Okay, so this may not be 1) of interest or 2) earth shattering to any of you, but I'm stoked and figured I'd share this experience for the occasional Windows user that may happen by these forums. I tried installing and running the new Debian release on Windows using coLinux (www.colinux.org), and after a bit of hemming and hawing, I got it running quite well. There are two cool things about coLinux. First, it isn't a VM, per se, but a "cooperative" kernel, which means little to me except that the performance is much better than any VM products that I've used. Second, it can be configured to start as a windows service, allowing root consoles to be "attached" and X and VNC clients to connect locally or remotely.

    Anyway, the short of this is that I now have a Windows XP box that is running Zimbra in the background on startup, and its pretty impressively zippy. Much better than I had expected, anyway. Sure, it ain't the most elegant of solutions, but it does let me get rid of my Windows Server / Exchange box and supplant Microsoft's hog of an email system (WAY overkill for me) with something even better. Now if we could just get this sucker ported to Windows natively, I'd be thrilled, but for now, at least I'm satisfied...

    Best,
    Paul

    Now if we could just get this sucker ported to Windows natively, I'd be thrilled, but for now, at least I'm satisfied...

    Best,
    Paul

    Very nice - big problem with a windows port is postfix, which AFAIK can't be run on windows.

    Very nice - big problem with a windows port is postfix, which AFAIK can't be run on windows.
    Alas you are correct. Quite a while back I was looking at Zimbra and tossing around the prospect of helping to port it to Windows. I was surprised to find that postfix wasn't ported either natively or via Cygwin. I assume it has to do with their rather stringent file system requirements.
    the Postfix mail queue requires that (1) the file system can rename a file to a near-by directory without changing the file's inode number, and that (2) mail is safely stored after fsync() returns successfully, even when that file is renamed to a near-by directory at some later point in time. Maildir delivery also requires that (3) a file can be hard linked between different near-by directories.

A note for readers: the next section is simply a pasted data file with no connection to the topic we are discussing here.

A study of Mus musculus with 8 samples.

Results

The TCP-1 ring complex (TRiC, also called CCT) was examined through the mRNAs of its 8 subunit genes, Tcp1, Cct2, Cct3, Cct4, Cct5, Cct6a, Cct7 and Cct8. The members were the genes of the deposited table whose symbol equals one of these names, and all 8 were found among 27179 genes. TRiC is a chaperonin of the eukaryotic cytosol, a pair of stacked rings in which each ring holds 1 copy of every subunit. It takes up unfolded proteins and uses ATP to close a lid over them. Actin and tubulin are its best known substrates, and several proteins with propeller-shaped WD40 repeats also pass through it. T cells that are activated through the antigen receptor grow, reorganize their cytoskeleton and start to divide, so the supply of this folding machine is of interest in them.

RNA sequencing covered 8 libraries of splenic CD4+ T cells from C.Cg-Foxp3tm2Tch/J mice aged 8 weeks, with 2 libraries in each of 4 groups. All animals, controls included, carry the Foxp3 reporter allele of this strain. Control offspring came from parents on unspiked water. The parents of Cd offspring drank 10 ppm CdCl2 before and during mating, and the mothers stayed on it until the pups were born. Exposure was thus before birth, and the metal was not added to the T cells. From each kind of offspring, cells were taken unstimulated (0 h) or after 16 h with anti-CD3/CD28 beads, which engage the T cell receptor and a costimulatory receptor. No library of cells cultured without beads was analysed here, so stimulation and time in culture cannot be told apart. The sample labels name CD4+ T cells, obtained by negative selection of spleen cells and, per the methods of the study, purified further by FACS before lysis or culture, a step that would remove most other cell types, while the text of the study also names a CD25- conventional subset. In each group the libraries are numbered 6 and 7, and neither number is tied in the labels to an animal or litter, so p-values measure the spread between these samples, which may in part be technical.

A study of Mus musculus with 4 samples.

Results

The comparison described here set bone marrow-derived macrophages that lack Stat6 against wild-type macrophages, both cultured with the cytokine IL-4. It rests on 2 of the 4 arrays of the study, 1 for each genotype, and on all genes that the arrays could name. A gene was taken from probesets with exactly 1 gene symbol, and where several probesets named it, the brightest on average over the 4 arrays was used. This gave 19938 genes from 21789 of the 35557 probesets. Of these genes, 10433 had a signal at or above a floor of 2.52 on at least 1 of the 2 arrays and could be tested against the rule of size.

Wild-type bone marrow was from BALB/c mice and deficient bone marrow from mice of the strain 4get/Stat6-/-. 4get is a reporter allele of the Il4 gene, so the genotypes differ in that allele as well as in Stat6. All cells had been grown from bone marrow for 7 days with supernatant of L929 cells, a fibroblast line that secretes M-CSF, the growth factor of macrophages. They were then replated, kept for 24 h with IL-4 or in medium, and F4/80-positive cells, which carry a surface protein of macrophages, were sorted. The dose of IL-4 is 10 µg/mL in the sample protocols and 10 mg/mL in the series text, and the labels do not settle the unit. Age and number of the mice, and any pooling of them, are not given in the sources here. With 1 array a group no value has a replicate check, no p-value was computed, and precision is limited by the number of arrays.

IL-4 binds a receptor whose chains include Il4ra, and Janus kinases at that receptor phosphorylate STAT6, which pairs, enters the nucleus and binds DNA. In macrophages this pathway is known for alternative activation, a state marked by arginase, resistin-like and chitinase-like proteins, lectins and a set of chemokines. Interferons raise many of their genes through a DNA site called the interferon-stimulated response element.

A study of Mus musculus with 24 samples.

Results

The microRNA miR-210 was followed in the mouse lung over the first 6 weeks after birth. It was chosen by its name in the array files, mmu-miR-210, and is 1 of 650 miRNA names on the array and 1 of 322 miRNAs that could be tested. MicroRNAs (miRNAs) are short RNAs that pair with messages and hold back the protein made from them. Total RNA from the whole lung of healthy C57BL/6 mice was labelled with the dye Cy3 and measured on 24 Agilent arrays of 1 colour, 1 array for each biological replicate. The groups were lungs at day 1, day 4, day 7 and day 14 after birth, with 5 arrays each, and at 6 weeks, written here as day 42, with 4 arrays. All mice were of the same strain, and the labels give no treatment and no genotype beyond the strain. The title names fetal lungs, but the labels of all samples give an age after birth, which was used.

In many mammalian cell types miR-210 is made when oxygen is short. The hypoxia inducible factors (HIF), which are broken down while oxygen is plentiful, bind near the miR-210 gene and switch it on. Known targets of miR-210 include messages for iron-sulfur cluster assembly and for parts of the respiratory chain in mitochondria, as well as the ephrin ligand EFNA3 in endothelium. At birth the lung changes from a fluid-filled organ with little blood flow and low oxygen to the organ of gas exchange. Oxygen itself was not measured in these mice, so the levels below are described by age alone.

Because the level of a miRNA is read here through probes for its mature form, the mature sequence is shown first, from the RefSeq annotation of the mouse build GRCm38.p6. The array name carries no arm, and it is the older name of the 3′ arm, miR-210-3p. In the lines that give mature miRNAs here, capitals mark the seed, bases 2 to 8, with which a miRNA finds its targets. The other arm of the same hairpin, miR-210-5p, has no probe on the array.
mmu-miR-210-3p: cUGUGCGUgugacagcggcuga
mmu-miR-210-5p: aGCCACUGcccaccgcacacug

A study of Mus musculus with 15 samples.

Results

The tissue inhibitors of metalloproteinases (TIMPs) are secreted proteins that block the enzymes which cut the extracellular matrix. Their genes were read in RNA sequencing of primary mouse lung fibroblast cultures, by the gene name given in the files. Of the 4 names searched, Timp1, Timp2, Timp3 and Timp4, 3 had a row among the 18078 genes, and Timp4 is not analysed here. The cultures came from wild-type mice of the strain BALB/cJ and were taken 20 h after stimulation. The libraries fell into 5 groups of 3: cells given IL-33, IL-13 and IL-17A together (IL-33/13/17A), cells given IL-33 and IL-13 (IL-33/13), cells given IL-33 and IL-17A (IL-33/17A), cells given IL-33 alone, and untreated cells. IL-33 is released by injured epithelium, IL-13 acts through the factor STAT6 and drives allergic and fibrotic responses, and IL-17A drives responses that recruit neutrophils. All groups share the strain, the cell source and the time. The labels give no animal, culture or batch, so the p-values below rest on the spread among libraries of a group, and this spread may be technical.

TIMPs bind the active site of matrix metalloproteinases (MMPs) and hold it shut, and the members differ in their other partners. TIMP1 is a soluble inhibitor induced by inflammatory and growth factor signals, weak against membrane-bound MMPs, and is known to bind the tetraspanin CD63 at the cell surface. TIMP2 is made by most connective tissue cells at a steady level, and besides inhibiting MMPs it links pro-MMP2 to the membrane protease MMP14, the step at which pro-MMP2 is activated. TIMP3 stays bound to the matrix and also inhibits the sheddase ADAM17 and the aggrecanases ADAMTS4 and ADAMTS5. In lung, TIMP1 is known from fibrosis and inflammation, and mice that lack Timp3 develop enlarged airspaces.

I don't see anything that screams impossible using Cygwin, but I'm sure its there or someone would have ported it by now.

    That, I suppose, leaves the possibility of creating a replacement MTA in java. Seems doable. Perhaps coopting one from James or something? I tried looking briefly at the Zimbra code to see how and where it interfaced with postfix directly, but couldn't find much. Leads me to believe that almost any MTA could be easily plugged in. Am I missing something?

    Looking for new beta users -> Co-Founder of Acompli. Previously worked at Zimbra (and Yahoo! & VMware) since 2005.


    We also use postfix's ldap integration to route mail (which other MTAs may support, as well)

    One other thing (as I understand it (which is not very well)) in the way of a windows port of postfix is that it uses IPC structures that windows doesn't support well.


    Best,
    Paul
    But why not just install CentOS 4.2 and learn a LITTLE linux, and install the native version and viola you're done.

    if you can learn MS's Exchange product (which I have run for 5 years), you can certainly pick up Zimbra and Linux in no time flat. There are plenty of people here to help

    Oh yea, you got it running with Colinux, then a real box should be NO problem! Heck, start with VMWare W/s if you have it and try your hand at linux.